These are trying times for the Vanguard, Keith Alan Raniere. He is scheduled to be sentenced on October 27, eleven days from now.
His attorneys plan to file a motion for a mistrial based on the alleged denial of his due process rights – and his followers have issued challenges and will present a podcast on the topic of prosecutorial misconduct as it relates to Raniere’s case.
In monitored phone calls during his incarceration at the Metropolitan Detention Center (MDC), Keith is heard criticizing the judge and the prosecutors. An email he sent from prison was released by the prosecutors wherein he talks about how prosecutors abridged his due process rights.
The judge sentenced his co-defendant Clare Bronfman to triple the sentencing guidelines, largely because she has refused to disavow Raniere. The sentencing guidelines for Raniere suggests up to life in prison. The judge is not friendly to the crimes of which he was convicted. He is likely to sentence Raniere to life in prison.
No matter how this shapes up [most appeals are denied], all of the above will not sit well with the Bureau of Prisons, an agency of the Department of Justice, whose officials determine the prison Keith to which will be assigned.
For these reasons, I suspect Raniere may be assigned to the supermax facility at Florence, Colorado.
One of our commenters describes what life will be like there.
By Spark Pug
I wonder if any of his followers looked into the supermax prison – which is where it looks like Keith will be going. Our supermax here in Colorado is the best of the best.
For his first three years, Keith will have no privileges, no phone calls (except with his attorney), no mail (either sending or receiving), no human contact.
He will eat in his cell, shower in his cell, use the restroom in his cell.
For one hour every day the door on the back of his cell will open. He will be required to walk out into his yard (which is more or less an empty swimming pool).
Guards will bring his meals. The outer door of his cell will open. The guard will leave Keith’s tray on the table. The guard will back away. The outer door will close, the inner door will open. Keith will have 30 seconds to grab his food tray. If he does not, the door will shut automatically and Vanguard will skip that meal.
These cells are very special. For the first three years, Keith won’t even know who is in the cell next to him.
After Three Years
If he’s a good boy and he follows the rules [I don’t see how he can really break too many rules], after the three years have passed he may be allowed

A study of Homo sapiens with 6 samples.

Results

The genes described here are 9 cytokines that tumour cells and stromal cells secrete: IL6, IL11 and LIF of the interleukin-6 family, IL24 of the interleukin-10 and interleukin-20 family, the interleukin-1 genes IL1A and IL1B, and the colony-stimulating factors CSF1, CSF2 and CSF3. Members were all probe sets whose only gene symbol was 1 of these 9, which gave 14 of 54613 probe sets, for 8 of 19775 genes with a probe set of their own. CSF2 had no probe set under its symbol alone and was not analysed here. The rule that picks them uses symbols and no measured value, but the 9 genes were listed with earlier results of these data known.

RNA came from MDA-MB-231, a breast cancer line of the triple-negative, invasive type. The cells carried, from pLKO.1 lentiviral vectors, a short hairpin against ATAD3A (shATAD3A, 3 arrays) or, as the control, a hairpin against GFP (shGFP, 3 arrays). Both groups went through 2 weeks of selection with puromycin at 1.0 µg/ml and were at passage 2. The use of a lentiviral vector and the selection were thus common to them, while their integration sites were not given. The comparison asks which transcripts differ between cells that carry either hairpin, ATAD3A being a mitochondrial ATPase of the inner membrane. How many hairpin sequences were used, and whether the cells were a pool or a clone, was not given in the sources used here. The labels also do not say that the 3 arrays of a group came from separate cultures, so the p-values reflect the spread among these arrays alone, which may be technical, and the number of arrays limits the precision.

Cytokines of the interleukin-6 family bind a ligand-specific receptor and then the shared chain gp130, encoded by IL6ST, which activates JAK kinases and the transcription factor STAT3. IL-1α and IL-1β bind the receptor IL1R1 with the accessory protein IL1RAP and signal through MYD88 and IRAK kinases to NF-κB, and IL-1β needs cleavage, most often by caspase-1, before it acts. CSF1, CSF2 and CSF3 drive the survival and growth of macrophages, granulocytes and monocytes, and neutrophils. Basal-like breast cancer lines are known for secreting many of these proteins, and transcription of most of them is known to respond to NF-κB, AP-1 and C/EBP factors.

One (1) 15 minute phone call a month.
He may be able to mail out one (1) letter a month.
He may also be able to receive one (1) letter a month.
If he continues to be good, he can ask for a TV (prison controlled programming) for education and religious programs only.
He may also ask for a radio (again prison controlled programming).
He will not be able to see if anyone is outside dancing for their Vanguard.
The cells have special windows in them so they can only see the sky. The windows let in natural light but prisoners can’t see any roads.
Oh and one other tidbit: The prisoners are only brought out to Colorado’s supermax under the cloak of darkness so they can’t get a lay of the land.
There are so many more super-neat amenities that our supermax offers.
Look it up read all about your Vanguard’s home.
The tone of our guest view by Spark Pug is snarky and sarcastic, yet the conditions that prisoners at Florence face could also be construed as horrifying and demonic. Florence supermax is a modern human torture chamber.
I wonder who could survive it and not go insane.
This kind of torture should be abolished in the U.S. And for those who say that Raniere is a demon and deserves this kind of punishment or worse and they are glad he may end up there, I would rebut, how are we any better than him?
You say he tortured women. I agree. But how are we better if we enjoy his torture. It shows we have the same qualities as him.
Life in prison is certainly sufficiently harsh without years of solitary confinement in a small cell without outdoor activity, without social interaction for years. Anyone could go mad under those conditions I do not think the sentence of life incarceration needs to include a deliberate attempt to make a convict insane.
One could argue that he is already insane – and that may be true. But it is not our job to make him worse. If anything, we might try to make him better.